Page's motive may never be known, but the details of his life suggest that the path toward his final act began at a U.S Army base.


No one knows what drove Wade Michael Page to walk into the Sikh Temple of Wisconsin on a Sunday morning last August and start shooting worshippers with a 9 mm handgun. Maybe the 40-year-old white power musician believed he was killing Muslims, a group he despised because of the 9/11 attacks by radical Islamists.

He didn’t live to talk about it, though, and left no manifesto like the one written by the Muslim-hating Norwegian terrorist Anders Breivik last year.

But while his motive may never be known, the details of his life suggest that the path toward his final act began at a U.S Army base that was home to a thriving neo-Nazi underworld during the time Page was stationed there in the mid-1990s.

Page’s journey down that path took him deep into the world of hate music and, more recently, into the “patched” membership ranks of a violent skinhead crew. It ended on Aug. 5 in the Milwaukee suburb of Oak Creek, where he murdered six Sikhs, including the temple’s president and three priests, and wounded four other people. Lt. Brian Murphy, the first police officer to confront Page at the scene, survived the encounter but was shot in the throat and hit by eight more bullets when he came to the aid of Page’s victims. Page was finally felled by an officer’s rifle shot to the stomach as he stood firing in the temple’s parking lot; Page then put his pistol to his own head and fired.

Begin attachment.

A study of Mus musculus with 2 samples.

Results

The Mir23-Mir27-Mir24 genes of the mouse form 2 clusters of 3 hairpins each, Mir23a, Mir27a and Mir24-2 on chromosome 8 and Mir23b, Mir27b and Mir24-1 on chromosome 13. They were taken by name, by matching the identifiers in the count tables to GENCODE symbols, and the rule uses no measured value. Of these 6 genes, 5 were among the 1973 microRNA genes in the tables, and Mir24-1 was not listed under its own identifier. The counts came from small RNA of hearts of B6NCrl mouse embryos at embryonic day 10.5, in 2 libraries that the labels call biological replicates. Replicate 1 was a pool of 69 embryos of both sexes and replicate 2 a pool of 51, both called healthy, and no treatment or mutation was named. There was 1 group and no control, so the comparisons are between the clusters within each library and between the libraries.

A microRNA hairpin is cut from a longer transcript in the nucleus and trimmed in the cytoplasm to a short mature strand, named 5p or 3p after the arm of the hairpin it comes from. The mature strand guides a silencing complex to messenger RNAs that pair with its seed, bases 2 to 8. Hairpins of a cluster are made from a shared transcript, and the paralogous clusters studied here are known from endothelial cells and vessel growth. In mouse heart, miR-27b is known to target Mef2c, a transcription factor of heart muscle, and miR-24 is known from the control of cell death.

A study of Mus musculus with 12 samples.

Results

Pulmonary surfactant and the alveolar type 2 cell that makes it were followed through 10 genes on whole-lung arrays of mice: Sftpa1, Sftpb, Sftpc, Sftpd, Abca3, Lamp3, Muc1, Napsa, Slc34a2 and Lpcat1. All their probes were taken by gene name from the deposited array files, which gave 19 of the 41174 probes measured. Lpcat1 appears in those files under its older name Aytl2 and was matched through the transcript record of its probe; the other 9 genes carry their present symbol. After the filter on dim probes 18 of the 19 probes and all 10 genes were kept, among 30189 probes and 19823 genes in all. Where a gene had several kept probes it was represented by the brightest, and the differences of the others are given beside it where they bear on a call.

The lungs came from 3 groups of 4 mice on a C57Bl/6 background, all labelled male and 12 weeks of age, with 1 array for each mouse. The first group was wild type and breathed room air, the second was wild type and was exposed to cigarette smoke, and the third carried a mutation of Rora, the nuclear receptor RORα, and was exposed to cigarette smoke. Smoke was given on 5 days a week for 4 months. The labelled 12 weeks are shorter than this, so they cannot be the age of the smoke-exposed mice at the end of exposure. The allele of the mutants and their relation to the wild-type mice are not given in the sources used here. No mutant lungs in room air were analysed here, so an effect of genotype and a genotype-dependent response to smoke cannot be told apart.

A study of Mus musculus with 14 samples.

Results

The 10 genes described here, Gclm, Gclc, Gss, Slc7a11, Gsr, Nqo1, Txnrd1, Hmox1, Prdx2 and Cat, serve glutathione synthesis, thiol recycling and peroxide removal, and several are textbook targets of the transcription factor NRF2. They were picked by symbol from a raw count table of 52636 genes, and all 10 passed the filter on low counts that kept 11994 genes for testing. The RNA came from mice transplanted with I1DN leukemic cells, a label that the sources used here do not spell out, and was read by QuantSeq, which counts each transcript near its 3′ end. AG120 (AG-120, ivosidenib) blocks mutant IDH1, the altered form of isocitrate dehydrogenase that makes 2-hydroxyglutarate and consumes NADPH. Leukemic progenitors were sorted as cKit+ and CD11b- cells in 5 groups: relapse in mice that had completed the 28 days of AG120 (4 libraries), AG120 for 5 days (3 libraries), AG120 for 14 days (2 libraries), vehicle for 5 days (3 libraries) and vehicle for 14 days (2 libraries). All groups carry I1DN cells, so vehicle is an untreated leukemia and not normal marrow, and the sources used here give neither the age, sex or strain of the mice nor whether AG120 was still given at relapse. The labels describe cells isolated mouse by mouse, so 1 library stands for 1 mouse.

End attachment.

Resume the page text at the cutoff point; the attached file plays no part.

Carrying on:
Page’s attack, which prompted a September congressional hearing on hate crimes chaired by Sen. Dick Durbin (D-Ill.), was only the latest domestic terrorist attack in a wave that began with the election of President Obama in late 2008. Violence and conspiracies from white supremacists, apparently infuriated at the impending loss of a white majority population that was symbolized by Obama’s election, have ratcheted up in the last four years, as hate groups have grown and antigovernment “Patriot” organizations have expanded explosively.

For Page, the bloodbath in Oak Creek ended what apparently was a frustrating quest. He told an interviewer in 2010 that he had chosen the name End Apathy for a band he formed because he was trying to “figure out how to end people’s apathetic ways” and “move forward” for the white supremacist cause.

Evidently, the lyrics of hate were not enough.

Swastikas and Murder

In 1995, three years after Page joined the Army at age 20, the Colorado native arrived at Fort Bragg, a sprawling installation in Fayetteville, N.C., that’s home to the 82nd Airborne Division as well as the Army’s Special Forces Command.

When Page was transferred there, it also served as the home base for a brazen cadre of white supremacist soldiers. Nazi flags flew and party music endorsed the killing of African-Americans and Jews. And, according to the  Military Law Review, soldiers openly sought recruits for the National Alliance, then the most dangerous and best organized neo-Nazi group in the country. A billboard just outside the base even advertised for the National Alliance.

That same year, three paratroopers from Fort Bragg murdered a black man and a black woman in Fayetteville to earn their spider web tattoos, racist badges of honor that sometimes signify that their bearers have killed non-whites. The soldiers went to prison for life, and 19 other paratroopers were discharged for participating in neo-Nazi activities. The scandal prompted congressional hearings and led to new military regulations aimed at preventing extremist activity. But as an investigation by the Intelligence Report a decade later showed, the new rules did not go nearly far enough.